The California law went into effect on January 1 and has been called the nation's toughest fair pay legislation yet by the Los Angeles Times. The New York law passed with 7 others as part of the Women's Equality Agenda and will come into effect on January 19, according to Newsday. Both laws prohibit wage differentials between men and women. They also change how unequal pay claims are proven and defended.
Substantially Similar Standard
Governor Jerry Brown signed the California law, which requires employers to show that male and female employees are paid equally for "substantially similar" work. This may prompt employers to review compensation practices, with some experts saying it could lead to standardized pay packages.
Martha West, a law professor emerita at UC Davis, told the LA Times that what is exciting about the new law is the "substantially similar" standard. Rather than demanding that men and women get equal pay for equal work and then compare details like job titles, the new law compares roles more expansively.
West warns, however, that there is still a drawback to the new standard. "But the big limitation, as I read it, is the same old limitation under the prior law, which is there must be both men and women doing the work. So if it's a single-sex job like, let's take secretary, most secretaries are still women. So if you're in a big firm and you're a secretary, if there are no men secretaries, you can't use the statute to complain about low pay."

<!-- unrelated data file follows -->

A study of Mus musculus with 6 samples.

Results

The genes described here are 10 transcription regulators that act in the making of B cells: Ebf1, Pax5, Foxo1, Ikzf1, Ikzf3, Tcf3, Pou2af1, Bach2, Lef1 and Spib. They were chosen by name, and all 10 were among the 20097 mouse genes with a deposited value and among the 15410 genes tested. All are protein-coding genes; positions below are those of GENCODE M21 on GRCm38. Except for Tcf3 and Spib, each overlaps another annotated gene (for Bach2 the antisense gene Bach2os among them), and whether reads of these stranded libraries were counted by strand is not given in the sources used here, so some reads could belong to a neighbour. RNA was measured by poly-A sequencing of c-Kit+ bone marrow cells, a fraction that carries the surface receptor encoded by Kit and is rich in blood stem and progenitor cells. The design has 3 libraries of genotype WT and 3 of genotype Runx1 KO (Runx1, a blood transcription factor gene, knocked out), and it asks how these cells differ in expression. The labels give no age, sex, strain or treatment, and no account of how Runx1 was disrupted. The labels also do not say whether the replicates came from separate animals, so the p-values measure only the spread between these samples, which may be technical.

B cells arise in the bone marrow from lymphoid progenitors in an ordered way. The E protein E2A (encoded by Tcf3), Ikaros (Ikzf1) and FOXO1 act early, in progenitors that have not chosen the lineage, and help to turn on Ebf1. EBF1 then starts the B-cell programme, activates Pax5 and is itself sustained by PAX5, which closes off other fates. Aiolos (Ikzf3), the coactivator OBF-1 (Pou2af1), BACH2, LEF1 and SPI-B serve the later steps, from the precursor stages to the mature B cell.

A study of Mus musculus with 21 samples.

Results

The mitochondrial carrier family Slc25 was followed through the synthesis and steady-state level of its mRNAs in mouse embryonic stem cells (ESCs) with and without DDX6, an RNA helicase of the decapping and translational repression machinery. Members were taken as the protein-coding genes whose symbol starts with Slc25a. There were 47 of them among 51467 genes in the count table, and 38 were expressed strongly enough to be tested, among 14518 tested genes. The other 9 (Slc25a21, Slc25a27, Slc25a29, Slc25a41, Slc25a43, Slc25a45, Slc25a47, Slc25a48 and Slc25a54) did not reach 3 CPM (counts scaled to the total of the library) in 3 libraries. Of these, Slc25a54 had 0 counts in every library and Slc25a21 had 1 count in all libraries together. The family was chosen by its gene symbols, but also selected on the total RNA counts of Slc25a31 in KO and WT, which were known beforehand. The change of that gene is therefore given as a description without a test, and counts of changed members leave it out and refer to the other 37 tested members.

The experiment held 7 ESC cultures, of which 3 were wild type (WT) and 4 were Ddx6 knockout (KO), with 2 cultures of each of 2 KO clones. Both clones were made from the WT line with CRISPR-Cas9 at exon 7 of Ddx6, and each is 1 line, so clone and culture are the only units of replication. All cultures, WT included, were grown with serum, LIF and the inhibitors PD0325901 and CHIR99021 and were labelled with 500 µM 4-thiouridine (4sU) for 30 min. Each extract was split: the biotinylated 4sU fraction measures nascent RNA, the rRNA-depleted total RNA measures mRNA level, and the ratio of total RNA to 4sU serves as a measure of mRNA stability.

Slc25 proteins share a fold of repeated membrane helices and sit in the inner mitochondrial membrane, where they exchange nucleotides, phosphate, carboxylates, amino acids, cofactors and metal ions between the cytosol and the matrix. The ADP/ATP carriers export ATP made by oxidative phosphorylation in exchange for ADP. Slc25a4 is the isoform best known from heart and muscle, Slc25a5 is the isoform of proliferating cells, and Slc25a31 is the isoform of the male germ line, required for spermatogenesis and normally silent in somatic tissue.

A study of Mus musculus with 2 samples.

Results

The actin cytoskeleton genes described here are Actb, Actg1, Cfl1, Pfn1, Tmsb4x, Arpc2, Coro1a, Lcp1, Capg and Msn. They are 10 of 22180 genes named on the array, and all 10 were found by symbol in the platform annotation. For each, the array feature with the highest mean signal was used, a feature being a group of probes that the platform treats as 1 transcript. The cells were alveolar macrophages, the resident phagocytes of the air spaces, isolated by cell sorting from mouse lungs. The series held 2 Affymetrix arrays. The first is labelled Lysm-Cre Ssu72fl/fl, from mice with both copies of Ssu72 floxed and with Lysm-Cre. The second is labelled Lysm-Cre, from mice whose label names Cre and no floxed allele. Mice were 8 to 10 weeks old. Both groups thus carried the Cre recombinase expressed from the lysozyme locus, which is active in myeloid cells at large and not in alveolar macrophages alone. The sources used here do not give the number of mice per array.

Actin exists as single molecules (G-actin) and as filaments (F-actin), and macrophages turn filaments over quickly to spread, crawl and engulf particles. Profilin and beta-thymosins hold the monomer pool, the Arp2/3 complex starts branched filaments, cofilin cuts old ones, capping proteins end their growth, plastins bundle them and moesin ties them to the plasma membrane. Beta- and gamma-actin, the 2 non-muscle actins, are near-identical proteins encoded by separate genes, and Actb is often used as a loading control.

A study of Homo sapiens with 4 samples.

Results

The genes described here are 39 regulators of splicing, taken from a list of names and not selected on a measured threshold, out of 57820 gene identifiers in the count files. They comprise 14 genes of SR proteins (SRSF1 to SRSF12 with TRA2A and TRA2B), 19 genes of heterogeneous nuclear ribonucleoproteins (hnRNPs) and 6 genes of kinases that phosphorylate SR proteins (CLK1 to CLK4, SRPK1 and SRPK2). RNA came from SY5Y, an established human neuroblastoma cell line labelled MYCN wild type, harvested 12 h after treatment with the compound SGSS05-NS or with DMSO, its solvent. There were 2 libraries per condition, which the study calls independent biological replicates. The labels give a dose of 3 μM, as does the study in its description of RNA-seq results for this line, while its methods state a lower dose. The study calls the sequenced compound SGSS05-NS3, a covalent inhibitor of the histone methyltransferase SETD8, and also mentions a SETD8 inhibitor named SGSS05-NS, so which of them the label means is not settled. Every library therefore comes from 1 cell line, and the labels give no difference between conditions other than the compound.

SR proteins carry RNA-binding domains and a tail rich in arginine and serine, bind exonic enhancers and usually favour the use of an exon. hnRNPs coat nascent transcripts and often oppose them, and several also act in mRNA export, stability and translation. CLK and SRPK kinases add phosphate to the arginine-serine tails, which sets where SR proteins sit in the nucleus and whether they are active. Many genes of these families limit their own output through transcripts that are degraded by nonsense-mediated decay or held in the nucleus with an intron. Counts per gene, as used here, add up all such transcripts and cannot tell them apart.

Women's Equality Agenda
In New York, it was Governor Andrew Cuomo who approved the new legislation in October as part of a set of laws called the Women's Equality Agenda, which addresses a wide range of issues from human trafficking to domestic violence to paid breaks for breast-feeding mothers, and more.
The Rest of the US
These equal pay laws in New York and California will likely prompt other states to pass similar legislation. As for complaints that such initiatives drive employers away, Professor West does not sound worried.
She says this complaint is raised whenever labor laws change. "I don't think this will have much of an impact at all on employers in California or employers wanting to come to California. Hollywood is not going to move away."
Talk to a Lawyer
If you are concerned about how new laws impact your business, or have any other questions about employment or business operation generally, speak to a lawyer. Get informed guidance.